The six-member panel voted unanimously to initiate the investigation into the actions of both David Patten, the state’s former property director, and Jim Thorsen, the former director of the R.I. Department of Administration.
The commission’s staff will now embark on an investigation into whether the two may have violated a state law that bar public officials from receiving any financial gain or other reward from their state positions, as well as an Ethics Commission regulation which bars officials from accepting any single item worth over $25 or collection of gifts worth over $75 from someone with business before the government.
The vote by the Ethics Commission is the latest wrinkle in an embarrassing saga for the Gov. Dan McKee administration after Target 12 and The Providence Journal won a public-records complaint forcing the governor’s office to release an email detailing allegations of outrageous behavior by Patten and Thorsen when they visited a state contractor in Philadelphia on March 10. The trip has since evoked national headlines and some of the details have become punchlines on social media.
Neither Thorsen nor Patten were at the meeting for the vote. Patten’s attorney Michael Lynch said after the vote that this was merely a first step in the process and not a finding of fault.
Patten resigned earlier this month from his $174,000-a-year state job under mounting pressure. Through an attorney he attributed his behavior to “a mental-health event.” Thorsen, who tendered his resignation prior to the trip, has since taken a job at the U.S. Treasury Department but said he made the best of a bad situation.
The R.I. State Police and attorney general’s office are also looking into whether any crimes were committed on the taxpayer-funded trip.
Patten and Thorsen were in Philadelphia to meet with executives from Scout Ltd. Company executives later said Patten made a series of demands for special treatment — including lunch at a closed restaurant and free vegan cheese — in exchange for supporting over $55 million in state funds for Scout’s proposed redevelopment of the long-vacant Cranston Street Armory in Providence.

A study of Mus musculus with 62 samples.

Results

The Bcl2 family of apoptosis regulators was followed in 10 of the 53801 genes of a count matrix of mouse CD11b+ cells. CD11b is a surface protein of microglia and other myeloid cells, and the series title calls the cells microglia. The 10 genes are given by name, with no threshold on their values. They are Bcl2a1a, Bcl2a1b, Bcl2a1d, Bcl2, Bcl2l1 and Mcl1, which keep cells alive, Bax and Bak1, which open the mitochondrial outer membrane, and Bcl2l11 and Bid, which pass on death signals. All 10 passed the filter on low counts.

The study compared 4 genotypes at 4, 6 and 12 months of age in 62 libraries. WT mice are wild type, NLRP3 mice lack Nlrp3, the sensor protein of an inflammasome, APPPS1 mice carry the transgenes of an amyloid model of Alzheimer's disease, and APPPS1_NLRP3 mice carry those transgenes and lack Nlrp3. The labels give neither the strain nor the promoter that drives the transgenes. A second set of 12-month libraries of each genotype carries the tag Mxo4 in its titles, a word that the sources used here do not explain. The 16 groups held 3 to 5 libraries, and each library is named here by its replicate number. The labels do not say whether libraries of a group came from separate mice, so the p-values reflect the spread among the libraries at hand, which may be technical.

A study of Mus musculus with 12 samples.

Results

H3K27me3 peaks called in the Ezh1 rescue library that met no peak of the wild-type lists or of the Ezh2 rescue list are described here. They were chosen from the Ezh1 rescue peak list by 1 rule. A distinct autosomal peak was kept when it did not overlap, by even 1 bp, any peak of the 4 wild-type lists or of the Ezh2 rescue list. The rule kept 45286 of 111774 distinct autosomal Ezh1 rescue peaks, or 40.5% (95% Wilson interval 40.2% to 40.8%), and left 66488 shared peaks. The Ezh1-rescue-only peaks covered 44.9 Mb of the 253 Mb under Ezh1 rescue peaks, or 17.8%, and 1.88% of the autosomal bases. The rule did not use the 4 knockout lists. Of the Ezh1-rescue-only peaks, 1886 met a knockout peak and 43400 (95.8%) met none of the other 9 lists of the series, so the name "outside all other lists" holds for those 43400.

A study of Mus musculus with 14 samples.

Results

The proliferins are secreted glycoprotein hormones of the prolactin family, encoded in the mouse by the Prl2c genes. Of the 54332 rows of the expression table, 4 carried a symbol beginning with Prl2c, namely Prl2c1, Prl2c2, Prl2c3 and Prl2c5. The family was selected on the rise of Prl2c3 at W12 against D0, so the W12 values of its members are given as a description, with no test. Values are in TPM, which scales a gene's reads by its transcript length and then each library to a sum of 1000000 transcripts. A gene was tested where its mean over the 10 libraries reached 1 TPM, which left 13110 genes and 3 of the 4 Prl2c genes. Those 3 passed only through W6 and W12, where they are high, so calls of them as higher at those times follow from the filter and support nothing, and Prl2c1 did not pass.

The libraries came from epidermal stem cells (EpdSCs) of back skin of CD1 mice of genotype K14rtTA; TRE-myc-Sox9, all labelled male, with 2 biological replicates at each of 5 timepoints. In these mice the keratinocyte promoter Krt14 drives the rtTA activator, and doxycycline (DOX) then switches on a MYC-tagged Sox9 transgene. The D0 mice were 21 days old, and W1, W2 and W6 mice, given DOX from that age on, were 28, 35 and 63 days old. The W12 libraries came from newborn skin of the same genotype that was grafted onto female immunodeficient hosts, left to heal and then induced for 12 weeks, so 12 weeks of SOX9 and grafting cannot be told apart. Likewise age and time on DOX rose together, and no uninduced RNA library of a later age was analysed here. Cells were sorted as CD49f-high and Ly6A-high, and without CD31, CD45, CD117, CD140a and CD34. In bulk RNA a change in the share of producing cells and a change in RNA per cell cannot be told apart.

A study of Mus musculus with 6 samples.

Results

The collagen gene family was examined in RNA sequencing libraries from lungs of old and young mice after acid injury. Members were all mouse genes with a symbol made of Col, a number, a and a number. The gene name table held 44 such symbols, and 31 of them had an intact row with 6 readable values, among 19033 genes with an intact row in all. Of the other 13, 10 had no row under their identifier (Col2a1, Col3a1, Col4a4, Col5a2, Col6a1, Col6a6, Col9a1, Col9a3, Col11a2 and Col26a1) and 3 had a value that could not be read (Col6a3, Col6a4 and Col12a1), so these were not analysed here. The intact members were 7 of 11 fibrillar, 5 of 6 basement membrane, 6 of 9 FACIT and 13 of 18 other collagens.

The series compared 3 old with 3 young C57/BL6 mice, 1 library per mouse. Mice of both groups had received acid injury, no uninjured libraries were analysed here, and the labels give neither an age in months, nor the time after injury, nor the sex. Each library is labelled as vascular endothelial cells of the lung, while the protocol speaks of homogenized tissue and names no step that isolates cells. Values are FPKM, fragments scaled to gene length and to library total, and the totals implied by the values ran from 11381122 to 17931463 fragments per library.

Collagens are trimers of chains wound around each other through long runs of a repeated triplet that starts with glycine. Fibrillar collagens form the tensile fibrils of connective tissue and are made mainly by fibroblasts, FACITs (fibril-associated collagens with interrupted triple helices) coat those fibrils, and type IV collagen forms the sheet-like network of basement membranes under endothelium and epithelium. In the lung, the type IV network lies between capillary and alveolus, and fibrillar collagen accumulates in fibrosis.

Thorsen told him at least one item was “de minimis,” using State House shorthand for a gift that doesn’t trigger ethics rules.
John Marion, executive director of good government group Common Cause Rhode Island, said the commission’s investigators — some retired law enforcement — have broad power to conduct the investigation including the use of subpoenas. He said he expects the commission to be presented with facts in two to three months.
Marion said complaints are often resolved with a settlement between the accused and the commission.
Since the email was released publicly, McKee has also come under fire for a January lunch he had with Scout officials and their lobbyist, Jeff Britt.
The $228 meal — which was paid for by Britt at the time — evoked criticism and spurred the Rhode Island Republican Party to call on the Ethics Commission to expand the Philadelphia probe to include an examination of whether the lunch violated any state ethics law.
McKee has since said he was reimbursing Britt for the lunch, claiming he wasn’t aware at the time he was meeting with Scout officials. Britt has publicly challenged the governor on his version of events.
Ethics Commission executive director Jason Gramitt declined to comment Tuesday on whether the panel would be examining the governor’s lunch.